Don’t Be Zero-Sum

Steven Pressfield, whose historically-driven novels about ancient Greece have sold millions of copies, wrote a recent post that posits that there are two kinds of people in the world—Zero-Sum and Non-Zero-Sum. 

Hitler was zero-sum. He believed that the Aryan race could only survive if it took from and eliminated other races. Abraham Lincoln was non-zero-sum. Yes, he believed that slavery was a horrible evil and needed to end, but he did not believe that the North needed to crush and destroy the South. In fact, his famous Second Inaugural Address is all about how both sides shared the blame and both could be redeemed by the suffering they had endured in this horrible Civil War. Martin Luther King was non-zero-sum. So were the Spartans at Thermopylae, who sacrificed their lives just to buy a little more time for their Greek allies to prepare. Almost all villains in history and in fiction, on the other hand, are zero-sum. They believed that someone else’s loss was their gain—and that their own pain justified the infliction of pain on other people.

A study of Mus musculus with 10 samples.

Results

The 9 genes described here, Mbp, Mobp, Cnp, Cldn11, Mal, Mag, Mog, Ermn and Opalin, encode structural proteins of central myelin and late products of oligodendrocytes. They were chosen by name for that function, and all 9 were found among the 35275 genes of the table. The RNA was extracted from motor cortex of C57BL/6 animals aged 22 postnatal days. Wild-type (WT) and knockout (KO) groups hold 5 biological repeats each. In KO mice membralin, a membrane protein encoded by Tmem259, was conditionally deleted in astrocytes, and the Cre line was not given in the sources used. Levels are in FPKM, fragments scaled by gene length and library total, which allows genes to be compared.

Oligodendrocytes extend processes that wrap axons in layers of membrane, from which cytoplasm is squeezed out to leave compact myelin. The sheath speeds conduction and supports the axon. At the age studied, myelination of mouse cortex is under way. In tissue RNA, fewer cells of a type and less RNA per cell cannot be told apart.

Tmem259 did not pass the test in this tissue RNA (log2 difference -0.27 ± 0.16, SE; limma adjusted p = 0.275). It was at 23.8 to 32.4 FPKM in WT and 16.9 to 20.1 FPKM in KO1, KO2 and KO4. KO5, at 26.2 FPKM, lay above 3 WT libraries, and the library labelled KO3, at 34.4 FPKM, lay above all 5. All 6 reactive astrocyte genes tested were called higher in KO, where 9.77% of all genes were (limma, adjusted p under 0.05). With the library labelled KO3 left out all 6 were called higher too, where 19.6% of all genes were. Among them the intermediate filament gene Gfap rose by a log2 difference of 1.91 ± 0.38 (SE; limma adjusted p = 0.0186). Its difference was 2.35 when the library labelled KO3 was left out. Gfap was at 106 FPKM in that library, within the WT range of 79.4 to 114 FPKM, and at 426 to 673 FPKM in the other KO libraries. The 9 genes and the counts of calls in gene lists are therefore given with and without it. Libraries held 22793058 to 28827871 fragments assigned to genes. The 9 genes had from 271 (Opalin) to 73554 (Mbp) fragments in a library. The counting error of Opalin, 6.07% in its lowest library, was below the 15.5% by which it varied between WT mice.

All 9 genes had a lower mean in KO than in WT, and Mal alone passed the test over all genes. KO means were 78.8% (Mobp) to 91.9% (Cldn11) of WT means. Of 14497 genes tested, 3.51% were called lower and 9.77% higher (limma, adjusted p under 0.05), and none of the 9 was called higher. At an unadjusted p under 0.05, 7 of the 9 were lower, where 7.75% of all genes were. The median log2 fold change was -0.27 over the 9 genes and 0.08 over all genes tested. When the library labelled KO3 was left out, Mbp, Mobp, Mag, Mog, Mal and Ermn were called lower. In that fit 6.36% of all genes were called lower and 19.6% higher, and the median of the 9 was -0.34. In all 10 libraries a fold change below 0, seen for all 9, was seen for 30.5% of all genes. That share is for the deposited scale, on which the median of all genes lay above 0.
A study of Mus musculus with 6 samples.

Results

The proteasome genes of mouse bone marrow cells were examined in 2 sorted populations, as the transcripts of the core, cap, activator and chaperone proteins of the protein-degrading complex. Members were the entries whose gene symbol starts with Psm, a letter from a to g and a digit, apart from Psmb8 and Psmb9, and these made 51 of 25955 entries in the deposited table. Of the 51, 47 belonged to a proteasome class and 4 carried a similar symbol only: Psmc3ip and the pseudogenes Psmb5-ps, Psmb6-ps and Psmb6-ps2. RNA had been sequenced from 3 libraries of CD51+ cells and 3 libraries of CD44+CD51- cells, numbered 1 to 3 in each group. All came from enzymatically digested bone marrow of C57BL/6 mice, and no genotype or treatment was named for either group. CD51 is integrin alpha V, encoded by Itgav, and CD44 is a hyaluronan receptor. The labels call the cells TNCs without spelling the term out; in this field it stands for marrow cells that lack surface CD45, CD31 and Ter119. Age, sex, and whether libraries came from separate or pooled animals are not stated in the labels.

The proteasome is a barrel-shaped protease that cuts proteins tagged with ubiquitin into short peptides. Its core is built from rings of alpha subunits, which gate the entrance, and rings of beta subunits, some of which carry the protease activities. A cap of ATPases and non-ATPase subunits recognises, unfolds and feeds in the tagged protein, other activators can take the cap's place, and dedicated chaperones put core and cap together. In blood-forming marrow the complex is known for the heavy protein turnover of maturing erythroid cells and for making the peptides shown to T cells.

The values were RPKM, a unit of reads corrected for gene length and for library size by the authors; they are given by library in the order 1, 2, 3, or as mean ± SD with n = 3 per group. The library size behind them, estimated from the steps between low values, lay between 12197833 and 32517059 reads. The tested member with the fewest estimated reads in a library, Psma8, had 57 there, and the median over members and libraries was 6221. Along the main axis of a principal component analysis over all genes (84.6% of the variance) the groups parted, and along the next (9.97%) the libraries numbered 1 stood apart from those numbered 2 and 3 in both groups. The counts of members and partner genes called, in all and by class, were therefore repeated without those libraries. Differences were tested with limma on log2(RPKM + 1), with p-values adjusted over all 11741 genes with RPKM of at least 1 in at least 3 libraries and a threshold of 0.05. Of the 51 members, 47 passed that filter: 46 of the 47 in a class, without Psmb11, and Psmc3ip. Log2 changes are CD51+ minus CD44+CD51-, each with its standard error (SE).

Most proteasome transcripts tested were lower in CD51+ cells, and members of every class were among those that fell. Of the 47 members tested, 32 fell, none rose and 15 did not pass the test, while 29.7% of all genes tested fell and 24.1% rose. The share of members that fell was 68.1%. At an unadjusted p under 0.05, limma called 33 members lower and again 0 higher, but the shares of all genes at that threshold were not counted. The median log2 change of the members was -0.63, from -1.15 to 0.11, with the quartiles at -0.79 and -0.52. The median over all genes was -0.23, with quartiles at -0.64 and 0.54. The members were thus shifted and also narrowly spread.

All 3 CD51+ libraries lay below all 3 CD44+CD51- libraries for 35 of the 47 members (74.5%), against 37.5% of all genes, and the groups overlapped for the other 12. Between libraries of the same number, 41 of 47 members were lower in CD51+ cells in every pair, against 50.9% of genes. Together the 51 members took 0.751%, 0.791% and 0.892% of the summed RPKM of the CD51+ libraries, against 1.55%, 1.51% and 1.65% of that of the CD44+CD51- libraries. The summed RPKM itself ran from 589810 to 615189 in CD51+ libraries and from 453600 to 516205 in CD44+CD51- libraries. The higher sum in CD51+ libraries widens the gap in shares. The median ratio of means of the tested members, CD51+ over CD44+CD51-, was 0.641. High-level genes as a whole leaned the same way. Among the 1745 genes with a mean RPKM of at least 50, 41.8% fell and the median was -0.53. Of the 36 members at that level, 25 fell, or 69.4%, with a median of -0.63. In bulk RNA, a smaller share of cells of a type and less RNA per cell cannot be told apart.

Over and over again in the Stoic writings we see reminders intended to nudge us towards seeing the world as non-zero-sum. If you want to find some good, Marcus Aurelius writes, all you have to do is look inside yourself—it’s just there ready to bubble up. Wherever there is another person, Seneca writes, we have an opportunity for kindness. The best revenge, Marcus writes, is to not be like the people who have wronged you. What’s bad for the hive is bad for the bee. What is the concept of sympatheia but a realization that harming other people does not benefit you? That you can’t steal your way to prosperity or harm your way to happiness? 

And yet, so much of what we do is selfish and zero-sum. That’s why we lie. Or cheat. Or vote for politicians who promise to aggressively fight for our own interests, even if it means that other people will suffer terribly. 

Pressfield’s beautiful article is a call to a higher standard to all of us. It’s worth quoting the final sentences of it here in full:

In the non-zero-sum world, on the other hand, resources are infinite. The love a mother gives to her child (and that the child returns) grows greater, the more each loves. There is and can never be a shortage of love.

Compassion is infinite.

Integrity is infinite.

Faith is infinite.

Zero-sum versus non-zero-sum. Which point of view do you believe?

P.S. This was originally sent on February 24, 2020. Sign up today for the Daily Stoic’s email and get our popular free 7-day course on Stoicism.